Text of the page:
When we got home from Houston after our Christmas visit, Hubby had a meltdown which for him is rather a major event. He was very unhappy that I was announcing to everyone that I planned to retire at the end of the year.
"We have never discussed your retiring. The economy is awful. This is not the time for you to be out of work.
In my mind we had been discussing my retiring for the last two years -- and very seriously since September. As the administration and staff had continued to change in my school district, as I faced taking the last three hours toward final SPED certification in FUNCTIONAL BEHAVIOR FOR ELEMENTARY SCHOOL, I had been consistently saying, "I think it's time I retire." When I met with my advisory at Pitt State after Hubby's heart problems in January 2011, her question to me was, "Why are you doing this? Retire." And from that moment on, I had been "seriously" discussing retirement with Hubby.
I guess we just don't hear what we don't want to hear.
But here's the cool thing about my husband -- he is NOT a stupid man. I walked away from the meltdown he was having at the start of 2012 and thought about his point of view. I began to have doubts myself about retiring. Still a couple of days later, I sat down with him and laid out all my reasons for wanting to retire this year -- why I thought it was really necessary. And at that point I brought with me a budget of what we spent monthly and the estimate that social security had sent me when I turned 65. I could prove that, though we wouldn't be rolling in money, we could manage if we limited ourselves. Hubby listened. Then he processed the information.
As the spring semester rolled on, things got progressively worse for me with my job. By March Hubby was on board, even championing retirement. He was the one who took me to social security to enroll. He was the one who made all the trips with me to the board of education for complete paperwork. When he talked with our friends, it now sounded like his idea, too.
We both agreed that we would have to be careful that I didn't just hole up in the house, never get dressed, and never go outside. I'm not a naturally social person. As an only child from a very small family, I have always been quite comfortable with my own company, creating my own entertainment. I was ten years old before we had neighborhood children I could play with. Until then I had played by myself, mostly inside the house. I had not learned to ride a bike or play sports. I could invent great games though -- and when we finally got a family of boys who moved in two doors from our house, we were outside running around from early dawn until dusk, playing the games I made up in my head -- using all their outdoor toys. It was with them I got my first broken bone, my first big bang up scrapes, rode my mother's two-wheeled bike that she had as a kid, and shot my first toy gun.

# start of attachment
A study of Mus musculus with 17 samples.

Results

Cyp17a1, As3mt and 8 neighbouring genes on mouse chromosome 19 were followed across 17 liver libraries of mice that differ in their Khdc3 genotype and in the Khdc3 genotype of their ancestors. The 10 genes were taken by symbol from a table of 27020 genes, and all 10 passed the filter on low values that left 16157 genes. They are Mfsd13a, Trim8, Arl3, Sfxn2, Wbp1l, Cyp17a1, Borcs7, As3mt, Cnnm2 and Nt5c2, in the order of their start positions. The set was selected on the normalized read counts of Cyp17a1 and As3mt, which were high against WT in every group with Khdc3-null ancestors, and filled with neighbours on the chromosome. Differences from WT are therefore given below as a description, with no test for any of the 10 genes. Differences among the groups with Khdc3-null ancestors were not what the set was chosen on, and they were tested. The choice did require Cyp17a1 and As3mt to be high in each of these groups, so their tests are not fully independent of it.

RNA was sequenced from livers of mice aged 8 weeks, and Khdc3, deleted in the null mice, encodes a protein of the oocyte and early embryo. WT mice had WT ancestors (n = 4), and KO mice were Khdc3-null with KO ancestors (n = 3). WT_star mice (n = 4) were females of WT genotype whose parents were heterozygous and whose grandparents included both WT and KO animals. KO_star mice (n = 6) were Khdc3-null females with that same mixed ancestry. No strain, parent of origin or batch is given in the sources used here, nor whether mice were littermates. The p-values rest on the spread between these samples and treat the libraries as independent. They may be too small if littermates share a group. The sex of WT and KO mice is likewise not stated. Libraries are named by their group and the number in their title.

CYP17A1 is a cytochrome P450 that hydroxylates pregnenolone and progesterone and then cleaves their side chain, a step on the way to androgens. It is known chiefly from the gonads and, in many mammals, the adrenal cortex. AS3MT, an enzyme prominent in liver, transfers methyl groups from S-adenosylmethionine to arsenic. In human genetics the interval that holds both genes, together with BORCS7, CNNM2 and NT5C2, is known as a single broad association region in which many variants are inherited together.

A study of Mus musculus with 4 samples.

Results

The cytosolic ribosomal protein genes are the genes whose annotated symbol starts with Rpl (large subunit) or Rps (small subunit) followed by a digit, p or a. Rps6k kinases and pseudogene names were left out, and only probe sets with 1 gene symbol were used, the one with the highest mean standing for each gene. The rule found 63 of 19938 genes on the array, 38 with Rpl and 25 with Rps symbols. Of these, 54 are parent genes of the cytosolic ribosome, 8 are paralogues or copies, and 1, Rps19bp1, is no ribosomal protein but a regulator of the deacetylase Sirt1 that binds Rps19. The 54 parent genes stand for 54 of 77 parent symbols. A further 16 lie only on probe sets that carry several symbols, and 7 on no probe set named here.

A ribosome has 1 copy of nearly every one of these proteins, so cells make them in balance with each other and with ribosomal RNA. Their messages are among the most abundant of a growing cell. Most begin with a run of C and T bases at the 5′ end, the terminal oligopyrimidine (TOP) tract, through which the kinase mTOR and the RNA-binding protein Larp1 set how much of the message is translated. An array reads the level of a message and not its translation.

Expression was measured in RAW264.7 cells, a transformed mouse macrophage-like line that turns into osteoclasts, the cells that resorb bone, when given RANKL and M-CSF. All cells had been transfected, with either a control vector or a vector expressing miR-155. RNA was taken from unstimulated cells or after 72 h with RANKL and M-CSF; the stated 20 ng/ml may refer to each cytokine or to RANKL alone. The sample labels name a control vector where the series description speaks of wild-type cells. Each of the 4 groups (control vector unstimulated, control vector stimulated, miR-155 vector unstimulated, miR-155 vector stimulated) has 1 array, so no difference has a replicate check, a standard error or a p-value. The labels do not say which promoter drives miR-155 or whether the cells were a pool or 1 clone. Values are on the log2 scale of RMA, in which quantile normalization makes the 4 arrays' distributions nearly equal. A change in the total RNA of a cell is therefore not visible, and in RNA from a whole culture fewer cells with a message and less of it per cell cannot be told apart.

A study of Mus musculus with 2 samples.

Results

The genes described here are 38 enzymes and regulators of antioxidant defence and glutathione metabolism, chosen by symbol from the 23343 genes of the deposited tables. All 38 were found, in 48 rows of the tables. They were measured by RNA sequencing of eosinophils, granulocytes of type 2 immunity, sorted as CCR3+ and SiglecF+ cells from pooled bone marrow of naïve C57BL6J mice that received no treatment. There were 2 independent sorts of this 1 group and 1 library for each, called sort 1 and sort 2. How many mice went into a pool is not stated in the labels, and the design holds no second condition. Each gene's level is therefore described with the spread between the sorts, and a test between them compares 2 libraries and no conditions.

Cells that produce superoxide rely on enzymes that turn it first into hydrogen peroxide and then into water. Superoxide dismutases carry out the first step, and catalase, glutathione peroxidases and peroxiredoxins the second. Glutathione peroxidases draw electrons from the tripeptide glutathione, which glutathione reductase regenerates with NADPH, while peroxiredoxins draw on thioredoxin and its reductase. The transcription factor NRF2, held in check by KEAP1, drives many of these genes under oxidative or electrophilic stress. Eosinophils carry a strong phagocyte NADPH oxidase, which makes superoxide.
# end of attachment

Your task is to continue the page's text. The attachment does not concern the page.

Now it's hubby who is carefully arranging that I go outside the house at least every other day. Yesterday he drove me to Target and Trader Joe's. I wanted curtains for the bathroom -- Target only had drapes. We got the dog treats at Trader Joe's. I went shopping for a little over an hour, but it was enough to interrupt the bathroom cleaning, require me to put on clothes, leave the house, and see other people. On Tuesday he took me to breakfast at The Big Biscuit, a new restaurant that opened up across the State Line.
Hubby comes home every day for lunch -- which we actually eat as our main meal. Then we can snack for dinner -- either on left-overs or on fruit and sandwiches. On Sunday he made chili for us. This week I've done the cooking but I've found that if I request something, get it thawed, and the kitchen ready, he's still willing to cook. Last week it was thick pork chops, that were so good we just ate them with sliced watermelon.
I can see he's trying to adjust to having me around all day long. I know in this little house it's not exactly the most optimum arrangement. Some mornings I fix breakfast (biscuits and sausage today) but on others he fends for himself. Every morning he and the dogs take off for his little house around the corner, but it's hot outside and Hubby is not withstanding the heat very well this summer. Usually by 12:30 he's back, taking a nap while I get lunch / dinner prepared. He naps during the afternoon while watching the most vile TV. I work in the computer room or clean in the bathroom while the dreaded marathon of Walker, Texas Ranger takes over the bedroom. Some evenings he takes off to visit with friends or works out in his garage, but he's home usually by 8:30 and then he leaves the TV watching to me, while he plays on the computer.
Both of us are adjusting to this new life we're leading, probably Hubby more than me. It's really nice that we finally have this time together -- and apart -- doing the things we both enjoy. I had worried that Hubby would be cranky and distant once the event was actually a reality. Instead, we are working toward making this new adventure both pleasurable and beneficial.